Victim or Victimizer?
To set the context, I am a coach and work more specifically in the leadership coaching space in India and outside, working with senior leaders on behaviours, competencies, and social skills, besides business challenges.
While life, executive and business coaching is now a multi-Billion dollar industry, it hardly existed until a couple of decades ago and is cited as a manifestation of Blue Ocean Strategy. Everyone understands the role of coaches in sports and education, but people still find it difficult to imagine a coach helping with life challenges and business issues. People who are relatively new to coaching often ask me ‘What does a Coach do?’ and are stumped when I answer that ‘ . . . they ask the right questions.’
I may be underplaying the entire gamut of skills required to develop oneself as a coach however I would still rate the art of ‘asking powerful questions’ as the most important one.
Even before I became a coach, I had realised the power of questions and the kind of thinking a good question unleashes. I vividly remember walking into the office of a CFO of a US$ 1 Bio Indian home-grown MNC some 30 odd years ago in the initial years of my corporate career. This was the 1990s, and there weren’t too many Indian companies of this size then; hence, a lot was at stake for me. After clearing multiple rounds, I reached the final stage with only the interview with the CFO remaining. This man had a terrifying personality — short, slightly stout, chain smoker, big ears and a face which could unnerve anyone, but a man with the gentlest of souls and a heart of gold as I would realise only later. He had asked me all that he wanted to ask about academics, experience and intricacies of accounting and finance to check my domain knowledge. I was delighted, just like you feel when you know you have made it.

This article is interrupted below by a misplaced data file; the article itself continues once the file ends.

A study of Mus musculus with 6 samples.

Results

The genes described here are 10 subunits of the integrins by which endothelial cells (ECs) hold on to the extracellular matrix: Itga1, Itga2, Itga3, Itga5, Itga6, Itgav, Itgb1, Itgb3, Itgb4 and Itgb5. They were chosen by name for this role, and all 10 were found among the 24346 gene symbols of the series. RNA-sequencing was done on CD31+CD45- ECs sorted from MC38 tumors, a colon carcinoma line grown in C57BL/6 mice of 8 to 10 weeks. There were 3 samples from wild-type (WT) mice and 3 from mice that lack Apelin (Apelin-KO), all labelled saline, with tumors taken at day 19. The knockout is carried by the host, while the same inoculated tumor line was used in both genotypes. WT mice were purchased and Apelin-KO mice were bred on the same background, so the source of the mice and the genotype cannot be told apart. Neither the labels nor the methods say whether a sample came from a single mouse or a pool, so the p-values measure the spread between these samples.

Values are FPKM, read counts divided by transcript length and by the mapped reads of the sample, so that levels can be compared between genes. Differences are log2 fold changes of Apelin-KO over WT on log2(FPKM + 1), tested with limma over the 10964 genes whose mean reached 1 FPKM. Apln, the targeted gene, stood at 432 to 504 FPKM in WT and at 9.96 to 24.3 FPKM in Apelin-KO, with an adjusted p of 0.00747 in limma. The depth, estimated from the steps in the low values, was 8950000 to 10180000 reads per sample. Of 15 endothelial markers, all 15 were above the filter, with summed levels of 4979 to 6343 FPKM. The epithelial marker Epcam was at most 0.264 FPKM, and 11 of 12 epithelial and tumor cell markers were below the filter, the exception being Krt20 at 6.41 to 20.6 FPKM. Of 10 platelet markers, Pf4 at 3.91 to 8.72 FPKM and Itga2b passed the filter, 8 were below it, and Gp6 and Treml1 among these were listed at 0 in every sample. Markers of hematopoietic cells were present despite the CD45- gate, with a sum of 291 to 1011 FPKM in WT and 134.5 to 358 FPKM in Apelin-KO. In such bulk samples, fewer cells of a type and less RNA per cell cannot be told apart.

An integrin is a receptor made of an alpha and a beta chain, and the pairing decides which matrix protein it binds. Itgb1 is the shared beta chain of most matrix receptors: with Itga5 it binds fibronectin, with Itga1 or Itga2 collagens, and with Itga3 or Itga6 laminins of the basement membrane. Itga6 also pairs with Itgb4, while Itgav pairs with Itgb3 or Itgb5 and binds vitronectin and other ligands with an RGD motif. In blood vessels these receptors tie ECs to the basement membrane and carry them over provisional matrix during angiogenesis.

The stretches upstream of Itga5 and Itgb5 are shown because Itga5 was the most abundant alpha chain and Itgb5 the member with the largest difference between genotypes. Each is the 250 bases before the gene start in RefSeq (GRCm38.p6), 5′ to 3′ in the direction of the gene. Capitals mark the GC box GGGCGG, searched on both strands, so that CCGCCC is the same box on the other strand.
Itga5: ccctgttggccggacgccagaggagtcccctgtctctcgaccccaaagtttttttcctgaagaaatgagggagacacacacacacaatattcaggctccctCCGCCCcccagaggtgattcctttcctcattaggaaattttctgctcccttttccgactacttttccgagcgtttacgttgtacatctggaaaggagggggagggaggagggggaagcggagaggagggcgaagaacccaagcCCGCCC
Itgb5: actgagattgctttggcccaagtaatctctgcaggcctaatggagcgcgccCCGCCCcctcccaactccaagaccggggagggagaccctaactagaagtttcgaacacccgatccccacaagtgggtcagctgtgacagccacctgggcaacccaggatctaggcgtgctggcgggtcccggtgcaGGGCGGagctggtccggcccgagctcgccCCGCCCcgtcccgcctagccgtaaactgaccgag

And then, with the kindest face the CFO could make and wearing the most benevolent smile, he asked me “Sandeep, given a choice, what would you be, a victim or a victimizer?”
The question was so powerful, that I was just stumped, I assume I answered something to his liking, as I managed to get my appointment letter that very day before I left the office. To date, I think of the same question. My answers have oscillated from being a victim to a victimized one, but the question has always stayed with me. What surprised me was how powerful the question was. With this one question, the CFO had unearthed an aspect of my personality that otherwise may have taken an expensive psychometric test to unravel.
Since that day and now even more as a Coach, I have been trying to ask similar types of questions to my clients in my coaching engagements.
Questions which get them to a space where they have never been and questions which are at the core of their being. Questions which make them think not because they need to provide me with the answers but because they need to find answers to these for themselves. Questions which create self-awareness, which sets an individual on the path of positive change. Self-awareness precedes action, and the right question is what triggers self-awareness, helping you discover your motivation to pursue a behaviour or an action.
Think about what questions you want to ask yourself and what kind of questions you want to ask others to connect with them at a deeper level.
As I end, I want all of you to close your eyes and answer for yourself: Given a choice, what would I be — a victim or a victimiser?
Here is a thoughtful quote from Tullian Tchividjian — We are all both victims and victimizers. Just as everyone suffers, no one is innocent of causing suffering themselves.